Study shows Raiders will have a YAC problem

NFL: Las Vegas Raiders Training Camp
Jimmy Garoppolo
Kirby Lee-USA TODAY Sports

The Las Vegas Raiders knew what they were getting when they signed quarterback Jimmy Garoppolo this offseason. Head coach Josh McDaniels worked with him while serving as the offensive coordinator for the New England Patriots, and it’s no secret that Garoppolo doesn’t have the strongest arm in the world.

FTN’s Aaron Schatz recently released his annual preseason Football Almanac for the 2023 campaign and added some context to that statement by sharing some numbers on Jimmy G. [If you’re interested in purchasing a copy of the Almanac, follow this hyperlink.]

“In the past three years, Garoppolo has attempted 26 passes of 30 air yards or more,” Schatz wrote. “Seven quarterbacks had more than that in 2022 alone, including [Derek] Carr. Since Garoppolo joined the 49ers, he has an average depth of target (aDOT) of 7.0 yards. That’s 50th out of 53 qualified passers, only ahead of Alex Smith, Drew Brees, and Nick Mullens. Garoppolo has never had an aDOT higher than 8.9 yards in any season. Neither Davante Adams nor Jakobi Meyers have ever had an aDOT that low.”

While Kyle Shanahan’s—San Francisco’s head coach and offensive play-caller—West Coast-style offense plays a factor in those numbers, both Trey Lance and Brock Purdy recorded an aDOT of 7.8 yards in 2022, according to Pro Football Focus. Meanwhile, Garoppolo ranked 34th among quarterbacks who had at least 167 dropbacks with a 7.3-yard aDOT, half a yard shorter than his teammates.

Given that, the Raiders’ new signal-caller is reliant on his pass-catchers’ ability to create yards after the catch (YAC) to move the ball down the field. That’s where roughly 68.4 percent of his passing yards came from last season, and he led all quarterbacks with 7.0 YAC per completion, via Pro Football Reference.

Before signing Jimmy G, Las Vegas already had a couple of wideouts who can make plays with the ball in their hands in Davante Adams and Hunter Renfrow. However, their offseason additions of wide receiver Jakobi Meyers and tight ends Michael Mayer and Austin Hooper don’t exactly fit the profile of weapons that Garoppolo has had success with in the past.

“Meyers has a career -1.2 YAC+. He’s not a catch-and-run guy, which is what Garoppolo has had when he has been successful,” Schatz continued. “Adams and Renfrow are a little better, but both are just at +0.3.

“Garoppolo’s top five targets in San Francisco were all at +1.2 or higher; those are the kinds of players who help boost Garoppolo’s stat profile. He would prefer having guys like Darren Waller (+0.6) or Foster Moreau (+1.7), but both are gone. Instead, his tight ends will be Austin Hooper (-1.5 career YAC+) and rookie Michael Mayer, who is more of a big-bodied target than a catch-and-run guy. It’s just not the perfect fit.”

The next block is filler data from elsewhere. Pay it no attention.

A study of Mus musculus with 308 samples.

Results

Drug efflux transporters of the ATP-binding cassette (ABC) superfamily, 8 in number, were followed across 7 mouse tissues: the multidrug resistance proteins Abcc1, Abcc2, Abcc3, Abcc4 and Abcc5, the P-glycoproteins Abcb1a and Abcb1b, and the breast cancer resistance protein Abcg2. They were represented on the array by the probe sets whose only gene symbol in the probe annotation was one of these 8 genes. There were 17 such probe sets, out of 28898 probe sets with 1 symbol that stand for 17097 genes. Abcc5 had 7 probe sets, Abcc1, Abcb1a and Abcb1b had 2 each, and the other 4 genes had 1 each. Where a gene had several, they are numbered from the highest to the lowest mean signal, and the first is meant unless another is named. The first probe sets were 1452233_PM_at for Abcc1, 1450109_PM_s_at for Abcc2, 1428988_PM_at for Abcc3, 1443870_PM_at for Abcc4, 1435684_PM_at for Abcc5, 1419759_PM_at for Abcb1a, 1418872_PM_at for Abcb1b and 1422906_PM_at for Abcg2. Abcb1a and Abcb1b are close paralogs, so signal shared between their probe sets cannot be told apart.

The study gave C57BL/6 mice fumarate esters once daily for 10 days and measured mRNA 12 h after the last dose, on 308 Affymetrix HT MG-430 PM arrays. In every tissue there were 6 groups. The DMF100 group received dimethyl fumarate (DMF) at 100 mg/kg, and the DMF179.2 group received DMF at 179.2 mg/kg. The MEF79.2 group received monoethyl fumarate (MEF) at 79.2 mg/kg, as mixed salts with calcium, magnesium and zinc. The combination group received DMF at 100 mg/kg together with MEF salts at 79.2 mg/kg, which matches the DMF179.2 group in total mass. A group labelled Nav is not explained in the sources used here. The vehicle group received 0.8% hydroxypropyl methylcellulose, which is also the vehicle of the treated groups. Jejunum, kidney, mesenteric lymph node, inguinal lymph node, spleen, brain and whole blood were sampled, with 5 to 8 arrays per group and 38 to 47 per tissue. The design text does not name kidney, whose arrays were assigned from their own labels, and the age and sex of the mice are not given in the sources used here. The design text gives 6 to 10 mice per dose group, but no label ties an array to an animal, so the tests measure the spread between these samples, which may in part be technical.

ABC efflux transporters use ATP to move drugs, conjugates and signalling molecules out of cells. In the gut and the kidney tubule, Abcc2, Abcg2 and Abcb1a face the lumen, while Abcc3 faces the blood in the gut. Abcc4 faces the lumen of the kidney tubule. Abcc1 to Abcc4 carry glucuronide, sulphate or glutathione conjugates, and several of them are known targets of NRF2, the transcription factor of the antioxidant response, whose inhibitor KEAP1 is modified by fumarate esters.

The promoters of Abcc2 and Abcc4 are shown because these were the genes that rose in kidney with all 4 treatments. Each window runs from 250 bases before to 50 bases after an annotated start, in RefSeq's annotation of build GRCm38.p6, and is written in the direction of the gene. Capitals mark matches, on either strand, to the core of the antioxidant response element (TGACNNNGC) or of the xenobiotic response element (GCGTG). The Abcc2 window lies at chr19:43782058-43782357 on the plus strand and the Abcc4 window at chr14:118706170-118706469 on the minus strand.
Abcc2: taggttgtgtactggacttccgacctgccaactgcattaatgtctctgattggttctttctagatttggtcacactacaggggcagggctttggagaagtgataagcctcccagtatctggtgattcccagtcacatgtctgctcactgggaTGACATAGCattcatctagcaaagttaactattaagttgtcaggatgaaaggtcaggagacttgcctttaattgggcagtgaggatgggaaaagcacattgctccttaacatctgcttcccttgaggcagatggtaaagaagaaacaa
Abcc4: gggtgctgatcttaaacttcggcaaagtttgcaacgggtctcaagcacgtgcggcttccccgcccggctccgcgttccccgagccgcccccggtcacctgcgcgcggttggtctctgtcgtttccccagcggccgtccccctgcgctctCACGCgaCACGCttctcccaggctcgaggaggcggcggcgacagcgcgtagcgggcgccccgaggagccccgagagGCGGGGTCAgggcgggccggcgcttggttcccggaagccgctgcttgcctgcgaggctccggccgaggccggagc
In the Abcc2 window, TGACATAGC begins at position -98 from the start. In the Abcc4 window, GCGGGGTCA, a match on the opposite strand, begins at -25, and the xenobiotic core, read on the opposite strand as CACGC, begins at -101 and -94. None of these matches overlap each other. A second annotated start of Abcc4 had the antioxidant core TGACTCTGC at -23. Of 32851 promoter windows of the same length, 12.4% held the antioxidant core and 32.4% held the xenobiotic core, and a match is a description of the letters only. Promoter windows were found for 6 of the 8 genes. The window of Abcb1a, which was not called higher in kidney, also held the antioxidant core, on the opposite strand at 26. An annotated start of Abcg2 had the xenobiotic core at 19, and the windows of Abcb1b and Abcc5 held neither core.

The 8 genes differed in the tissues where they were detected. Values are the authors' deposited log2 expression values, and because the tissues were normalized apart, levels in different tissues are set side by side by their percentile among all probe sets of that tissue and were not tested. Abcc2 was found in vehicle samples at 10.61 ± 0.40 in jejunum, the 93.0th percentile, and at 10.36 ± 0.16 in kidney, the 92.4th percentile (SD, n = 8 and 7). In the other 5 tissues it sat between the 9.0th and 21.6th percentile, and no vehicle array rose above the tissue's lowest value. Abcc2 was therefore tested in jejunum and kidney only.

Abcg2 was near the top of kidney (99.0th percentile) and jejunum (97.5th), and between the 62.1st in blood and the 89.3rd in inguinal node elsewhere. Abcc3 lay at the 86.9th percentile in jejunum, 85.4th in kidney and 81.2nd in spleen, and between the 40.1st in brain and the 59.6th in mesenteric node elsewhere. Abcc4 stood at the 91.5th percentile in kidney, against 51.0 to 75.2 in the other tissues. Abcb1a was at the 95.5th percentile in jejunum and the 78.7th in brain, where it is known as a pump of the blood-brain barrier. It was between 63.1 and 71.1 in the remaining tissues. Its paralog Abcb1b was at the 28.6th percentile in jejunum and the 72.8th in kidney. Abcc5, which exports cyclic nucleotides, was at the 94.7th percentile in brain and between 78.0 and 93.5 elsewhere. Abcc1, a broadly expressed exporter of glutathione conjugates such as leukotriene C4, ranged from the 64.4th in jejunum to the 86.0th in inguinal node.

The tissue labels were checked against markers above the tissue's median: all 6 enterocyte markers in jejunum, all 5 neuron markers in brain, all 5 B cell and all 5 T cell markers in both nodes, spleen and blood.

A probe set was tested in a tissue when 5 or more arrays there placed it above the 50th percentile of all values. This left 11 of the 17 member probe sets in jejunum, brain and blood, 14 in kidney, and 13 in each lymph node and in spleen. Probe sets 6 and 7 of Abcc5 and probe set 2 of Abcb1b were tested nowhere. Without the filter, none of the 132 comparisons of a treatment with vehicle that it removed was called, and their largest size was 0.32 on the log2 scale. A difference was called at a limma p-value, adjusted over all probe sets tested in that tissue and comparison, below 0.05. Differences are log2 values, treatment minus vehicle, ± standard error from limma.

Las Vegas Raiders Training Camp
Jimmy Garoppolo
Photo by Ethan Miller/Getty Images

For context, Mayer averaged 4.9 YAC per reception last year which was tied for 87th among 145 qualifying tight ends and tied for 26th out of the 45 draft-eligible players at the position, per PFF. That was pretty consistent throughout his time at Notre Dame as he posted the same figure in 2021 and left school with a career average of 4.9 yards after the catch.

Obviously, that’s less than ideal especially since Garoppolo is used to throwing to tight end George Kittle, who averages 7.3 YAC per reception during his NFL career.

However, the Almanac does have a silver lining for the Silver and Black’s offense. Schatz notes that Garoppolo is still a better fit than Carr in McDaniels’ offense and that the Raiders have one of the better wide receiver trios in the league.

Also, while there has been some worry about how Renfrow and Meyers will coincide together in Las Vegas’ offense seeing as they both like to line up in the slot, Schatz points out that, statistically, the latter was more effective on the outside.

“While Meyers played more in the slot in New England, he had a slightly higher DVOA operating out wide, 16.5% to 4.4%. McDaniels has also used multiple slot receivers in the past—think Julian Edelman teaming with Danny Amendola in New England—so while Meyers may not have been the made-to-order receiver for Las Vegas, there should be plenty of room to fit him in.”

That, combined with several other factors, suggests the Raiders’ offense could improve from 2022 to 2023.

“Our projections have Las Vegas with an above-average offense, slightly improved over last season,” the Almanac reads. “There’s a lot of skill position talent, assuming [Josh] Jacobs signs his tender. We didn’t even get into the depth Vegas has at receiver with Phillip Dorsett and Cam Sims.

“It just feels like there are a lot of awkward fits, and a lot of pieces that don’t quite line up properly. It’s hard to shake the feeling that Garoppolo and Meyers were signed not because they were the right players for the 2023 Raiders offense, but because they were the right players for Josh McDaniels’ offense in a vacuum.

“We expect the Raiders offense to be fine, but it’s not hard to envision the ways in which this could collapse, even if everyone stays healthy.”

Las Vegas ranked 12th in scoring last season so a jump into the top 10 would be a welcomed sight this year, especially since the defense is expected to struggle. However, as Schatz points out, that improvement is contingent on a lot of additional factors like the newcomers' fit with Garoppolo, the quarterback’s health and Jacobs returning to the team.